ByteDance, the Chinese company that owns the controversial video blogging platform TikTok, quietly took control of China’s largest chain of private obstetrics and gynecology hospitals in June.
The South China Morning Post (SCMP) on Friday reviewed documents that showed ByteDance took full ownership of Beijing Amcare Medical Management Company.
This completed an acquisition process that began in September 2021 when ByteDance’s healthcare investment subsidiary Xiaohe Health Technology acquired 17 percent of Amcare. Xiaohe later bought another 13 percent. Amcare recently delisted from the public stock exchange in Shenzhen, paving the way for the final phase of the corporate acquisition.
The takeover deal was approved without reservation or conditions by China’s State Administration for Market Regulation in mid-June, according to SCMP report. Several ByteDance executives quickly appeared on Amcare’s board.
ByteDance is clearly seeking to establish itself in China’s growing online healthcare market, a product that exploded in popularity during the coronavirus pandemic. The Xiaohe division of ByteDance launched two medical apps in late 2020: an online “medical consultation” app for those seeking healthcare and a matchmaking app that validates the credentials of doctors who want to offer themselves as providers.
The SCMP cited estimates that online healthcare was a 22 billion yuan industry in 2020, but will grow to 198 billion yuan ($29 billion) by 2025. Most of China’s tech giants are entering the market, including heavyweights such as Tencent and Alibaba.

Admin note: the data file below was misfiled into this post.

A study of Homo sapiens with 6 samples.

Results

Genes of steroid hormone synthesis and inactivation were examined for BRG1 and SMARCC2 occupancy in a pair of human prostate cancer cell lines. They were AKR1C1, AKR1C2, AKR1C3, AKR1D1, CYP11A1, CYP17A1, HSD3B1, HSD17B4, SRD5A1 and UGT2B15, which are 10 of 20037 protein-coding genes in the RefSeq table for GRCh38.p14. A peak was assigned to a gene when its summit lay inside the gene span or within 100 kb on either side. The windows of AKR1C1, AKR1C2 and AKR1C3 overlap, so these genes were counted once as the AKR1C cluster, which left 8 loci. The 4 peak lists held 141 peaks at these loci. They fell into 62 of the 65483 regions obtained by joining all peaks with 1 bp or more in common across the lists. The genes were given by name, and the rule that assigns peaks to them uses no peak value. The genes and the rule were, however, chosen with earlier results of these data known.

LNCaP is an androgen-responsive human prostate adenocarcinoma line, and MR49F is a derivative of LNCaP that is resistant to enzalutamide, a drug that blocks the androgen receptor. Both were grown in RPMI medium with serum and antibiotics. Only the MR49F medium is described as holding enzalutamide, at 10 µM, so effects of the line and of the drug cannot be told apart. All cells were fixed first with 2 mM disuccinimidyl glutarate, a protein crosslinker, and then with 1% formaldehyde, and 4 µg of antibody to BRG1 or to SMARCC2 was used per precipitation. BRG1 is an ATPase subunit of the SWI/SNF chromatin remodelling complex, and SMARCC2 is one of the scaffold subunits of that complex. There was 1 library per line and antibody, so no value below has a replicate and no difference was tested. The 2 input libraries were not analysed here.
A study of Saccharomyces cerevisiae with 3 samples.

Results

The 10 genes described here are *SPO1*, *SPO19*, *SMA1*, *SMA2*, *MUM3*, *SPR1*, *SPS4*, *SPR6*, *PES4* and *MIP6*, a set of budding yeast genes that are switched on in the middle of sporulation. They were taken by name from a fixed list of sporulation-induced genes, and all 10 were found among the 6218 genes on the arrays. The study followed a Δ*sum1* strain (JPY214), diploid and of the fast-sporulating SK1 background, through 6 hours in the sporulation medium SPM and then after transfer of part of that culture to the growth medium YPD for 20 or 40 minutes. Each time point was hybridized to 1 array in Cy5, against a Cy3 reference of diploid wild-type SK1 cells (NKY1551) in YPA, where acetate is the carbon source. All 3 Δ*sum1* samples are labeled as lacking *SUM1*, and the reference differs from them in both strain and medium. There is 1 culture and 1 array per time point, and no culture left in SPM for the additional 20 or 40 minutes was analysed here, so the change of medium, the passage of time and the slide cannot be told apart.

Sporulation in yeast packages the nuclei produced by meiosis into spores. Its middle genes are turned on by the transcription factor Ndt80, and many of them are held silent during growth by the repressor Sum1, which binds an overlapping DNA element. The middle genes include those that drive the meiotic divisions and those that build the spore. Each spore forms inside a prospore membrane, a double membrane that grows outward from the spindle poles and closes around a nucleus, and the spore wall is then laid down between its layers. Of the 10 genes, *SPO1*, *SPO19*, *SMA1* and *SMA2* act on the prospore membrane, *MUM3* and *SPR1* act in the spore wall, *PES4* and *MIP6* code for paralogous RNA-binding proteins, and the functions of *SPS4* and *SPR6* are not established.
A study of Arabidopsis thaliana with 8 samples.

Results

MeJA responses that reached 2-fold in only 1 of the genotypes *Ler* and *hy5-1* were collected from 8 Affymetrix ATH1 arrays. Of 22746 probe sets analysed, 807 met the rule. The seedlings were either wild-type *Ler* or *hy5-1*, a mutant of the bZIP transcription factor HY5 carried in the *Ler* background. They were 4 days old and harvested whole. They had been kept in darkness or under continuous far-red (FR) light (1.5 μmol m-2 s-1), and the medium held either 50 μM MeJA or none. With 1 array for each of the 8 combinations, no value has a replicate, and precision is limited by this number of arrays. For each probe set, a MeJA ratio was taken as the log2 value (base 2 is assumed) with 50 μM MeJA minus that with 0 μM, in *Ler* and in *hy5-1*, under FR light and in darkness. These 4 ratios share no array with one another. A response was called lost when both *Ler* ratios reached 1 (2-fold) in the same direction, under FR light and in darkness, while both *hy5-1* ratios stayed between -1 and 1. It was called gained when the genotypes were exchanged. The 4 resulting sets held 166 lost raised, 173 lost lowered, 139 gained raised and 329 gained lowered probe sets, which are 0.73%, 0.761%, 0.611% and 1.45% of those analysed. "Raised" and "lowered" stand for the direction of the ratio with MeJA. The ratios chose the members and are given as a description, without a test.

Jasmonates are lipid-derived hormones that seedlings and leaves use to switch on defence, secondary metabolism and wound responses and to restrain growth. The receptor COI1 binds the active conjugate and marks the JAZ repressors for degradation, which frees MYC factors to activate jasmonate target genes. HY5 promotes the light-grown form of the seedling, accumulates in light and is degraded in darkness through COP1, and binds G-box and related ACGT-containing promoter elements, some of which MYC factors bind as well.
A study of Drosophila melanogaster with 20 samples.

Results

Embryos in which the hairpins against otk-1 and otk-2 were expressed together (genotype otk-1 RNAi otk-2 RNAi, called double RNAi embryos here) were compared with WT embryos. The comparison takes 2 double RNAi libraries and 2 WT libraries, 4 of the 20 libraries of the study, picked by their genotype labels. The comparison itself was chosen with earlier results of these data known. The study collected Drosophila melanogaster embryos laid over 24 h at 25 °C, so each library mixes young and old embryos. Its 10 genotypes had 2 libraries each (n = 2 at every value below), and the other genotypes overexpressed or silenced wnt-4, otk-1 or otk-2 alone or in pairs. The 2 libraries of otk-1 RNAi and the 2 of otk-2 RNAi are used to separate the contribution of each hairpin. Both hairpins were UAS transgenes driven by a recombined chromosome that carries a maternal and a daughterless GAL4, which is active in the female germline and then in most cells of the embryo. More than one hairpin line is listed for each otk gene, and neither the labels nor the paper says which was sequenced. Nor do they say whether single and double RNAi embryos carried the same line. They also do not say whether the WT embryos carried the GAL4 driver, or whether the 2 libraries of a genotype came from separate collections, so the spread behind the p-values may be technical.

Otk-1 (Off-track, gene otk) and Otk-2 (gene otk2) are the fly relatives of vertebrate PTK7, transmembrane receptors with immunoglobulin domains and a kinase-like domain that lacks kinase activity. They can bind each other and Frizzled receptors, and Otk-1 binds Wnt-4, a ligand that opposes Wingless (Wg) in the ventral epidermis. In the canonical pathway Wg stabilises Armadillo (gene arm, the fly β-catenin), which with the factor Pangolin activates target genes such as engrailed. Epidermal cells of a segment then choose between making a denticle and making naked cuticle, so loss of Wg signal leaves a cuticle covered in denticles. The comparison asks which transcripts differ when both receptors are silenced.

Likewise, Amazon.com acquired a chain of 188 clinics called One Medical last month, with an eye to establishing an online service that would become the digital “front door” to the clinics.
Amazon’s corporate planners thought they could improve the “consumer experience” at the clinics, presumably by handling all office functions and paperwork online, so patients spend less time on site waiting to see doctors.
China’s online healthcare system include some remote interaction between doctors and patients, sometimes eliminating the need for patients to visit physical clinics altogether. Before the outbreak of the coronavirus pandemic in Wuhan, a pioneering project called Wuzhen Internet Hospital offered online diagnoses and direct shipment of medicines to patients. Wuzhen Internet Hospital maintained the smallest possible physical facility to comply with Chinese law, with only 20 beds for the entire operation.
China’s growing online health market had a stroke in November 2021 when the communist government published a set of tighter rules, including a ban on using online consultations to make an initial diagnosis, and a ban on using artificial intelligence systems to answer patient questions instead of a qualified human doctor.
Apparently, these practices were widespread, because online health providers lost up to 30 percent of their stock value overnight. Chinese state media suggested more regulations on prescription drug sales and user privacy could be coming, further depressing the industry.